My friend and colleague Scott‘s blog is at least partially concerned with the trials and tribulations of the tenure trail, so it occurs to me that I ought to at least write some about that myself. (You like how I just slipped that in? A lot of alliteration from anxious anchors placed in powerful posts!)
I got an email a couple of days ago from one of the top journals in information science, asking me to review a manuscript. Now, there’s no reward system in place for being a journal reviewer… I mean, being a reviewer for this journal won’t increase my chances of being published in said journal, and I sure won’t get credit on the tenure run for doing this. But I actually see it as my obligation as an academic, to do my part to contribute to the process that generates quality scholarship. So I said yes. Actually this is my second review for this particular journal, and only my second journal review ever. I was actually flattered when I was asked the first time; I took it as a sign that I’m gaining a reputation in the field, that the journal editor knew who I was and what my research area is enough to know what kind of manuscripts to send my way. Of course that was just the thin edge of the wedge… I’m on their radar now. I guess the reward for doing good work really is more work.
Now, a word about the journal reviewing process. An author submits a manuscript and the journal editor asks some reviewers to review the manuscript. The author is not told who the reviewers are, and in most cases the editor removes the author contact info from the manuscript so the reviewers don’t know who the author is either. Double-blind reviewing this is called. And it’s a good idea, too, for what I would think would be fairly obvious reasons: as an author, I get the reviewers’ comments returned to me when the editor lets me know if my paper has been accepted or rejected, and if I get a bad review, it could create bad blood among colleagues if I knew who wrote it. On the flip side, as a reviewer, knowing who the author is could influence my decision to accept or reject the paper even before I read it. In fact not only is double-blind reviewing prima facie a good idea, there’s actual empirical evidence that it’s a good idea: according to this study of double-blind versus single-blind reviewing, acceptance rates are lower and referees are more critical when the reviewer is unaware of the author’s identity.
So this journal asks me to be a reviewer, and not only is the author’s name still in the paper, the name is actually in the email asking me if I’m willing to be a reviewer! So if I, say, didn’t like the author, I could have refused to review the paper? I suppose so. But the whole point of writing this is that I do know the author, not just by reputation but personally. In fact the author is a friend; I’ve read his work many times and given him feedback on several papers pre-journal submission. I know that he does good work. So this is definitely one of those situations that double-blind reviewing was designed for: I pretty much decided immediately that unless this friend of mine wrote a real dog – which I consider highly unlikely – I’d recommend that the journal accept the manuscript. Of course I’d provide detailed feedback so that he could improve the paper before publication, but I’d do the same if he had sent me the paper before he’d submitted it to the journal.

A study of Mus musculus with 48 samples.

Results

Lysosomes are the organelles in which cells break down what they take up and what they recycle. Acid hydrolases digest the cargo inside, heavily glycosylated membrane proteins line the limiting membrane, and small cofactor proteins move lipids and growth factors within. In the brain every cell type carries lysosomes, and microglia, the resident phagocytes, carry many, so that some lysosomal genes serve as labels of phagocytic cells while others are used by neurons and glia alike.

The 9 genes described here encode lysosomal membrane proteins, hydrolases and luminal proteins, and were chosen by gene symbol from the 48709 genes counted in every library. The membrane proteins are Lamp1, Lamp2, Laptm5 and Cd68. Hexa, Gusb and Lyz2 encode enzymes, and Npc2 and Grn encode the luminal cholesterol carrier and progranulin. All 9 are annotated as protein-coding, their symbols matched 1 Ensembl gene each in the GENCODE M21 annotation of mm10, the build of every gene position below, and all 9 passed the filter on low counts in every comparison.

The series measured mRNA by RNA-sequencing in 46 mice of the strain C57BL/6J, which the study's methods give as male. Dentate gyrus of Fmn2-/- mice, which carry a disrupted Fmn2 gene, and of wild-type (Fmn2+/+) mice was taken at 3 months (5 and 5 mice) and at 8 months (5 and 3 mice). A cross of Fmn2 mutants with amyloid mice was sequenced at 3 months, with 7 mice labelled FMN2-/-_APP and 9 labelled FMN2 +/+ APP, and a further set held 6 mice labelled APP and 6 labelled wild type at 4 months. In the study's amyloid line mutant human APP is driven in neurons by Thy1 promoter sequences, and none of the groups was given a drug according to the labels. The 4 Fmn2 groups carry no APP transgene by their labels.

Anyway, the upshot is that I’m disappointed in the whole journal reviewing process right now. I of course want to be published, so I suppose from that point of view having the reviewers know my name is in my favor. But I honestly believe that it’s a more fair process if it’s double-blind, plus being better for the scholarship. Would I recommend that the journal accept this paper even if I didn’t know who the author was? Probably; I’m sure it’s a great paper (I haven’t finished reading it yet). But am I biased in its favor now? You bet.
Update 1/22/05: I was talking to Scott about this post earlier this evening and he asked the very insightful question – which frankly I should have thought of myself – does the journal in question claim to use double-blind reviewing? Answer: no. I can’t find a single thing on the journal’s site about double-blind reviewing. Papers will be peer-reviewed, that’s all that’s promised.
I’ve run into similar situations where the promise of professional respect and anonymity was breached. It particularly baffles me, since the glitch does not reflect poorly on the author or the reviewer, but instead lowers my respect for the journal and its editorial staff.
That being said, academia is much less concerned with confidentiality of its faculty members compared to more sensitive topics such as corporate competitive intelligence. The stakes are lower, since the research is done, the paper is written, and no one will scoop the author on the research. I think the journals recognize the unlikelihood of major bias (more so than exists now, anyway). They also recognize that many faculty members are overwhelmed with their various responsibilities to their students, their research, their university, and their colleagues, and mistakes like this can easily happen.
Was it handled well? Of course not, but there is no penalty system in place. When you ask for volunteers, you get what you pay for. This is something academia is never going to learn, and they’re hurting themselves by taking the naive view that people perform tasks for the good of an external entity. This is only one example of many.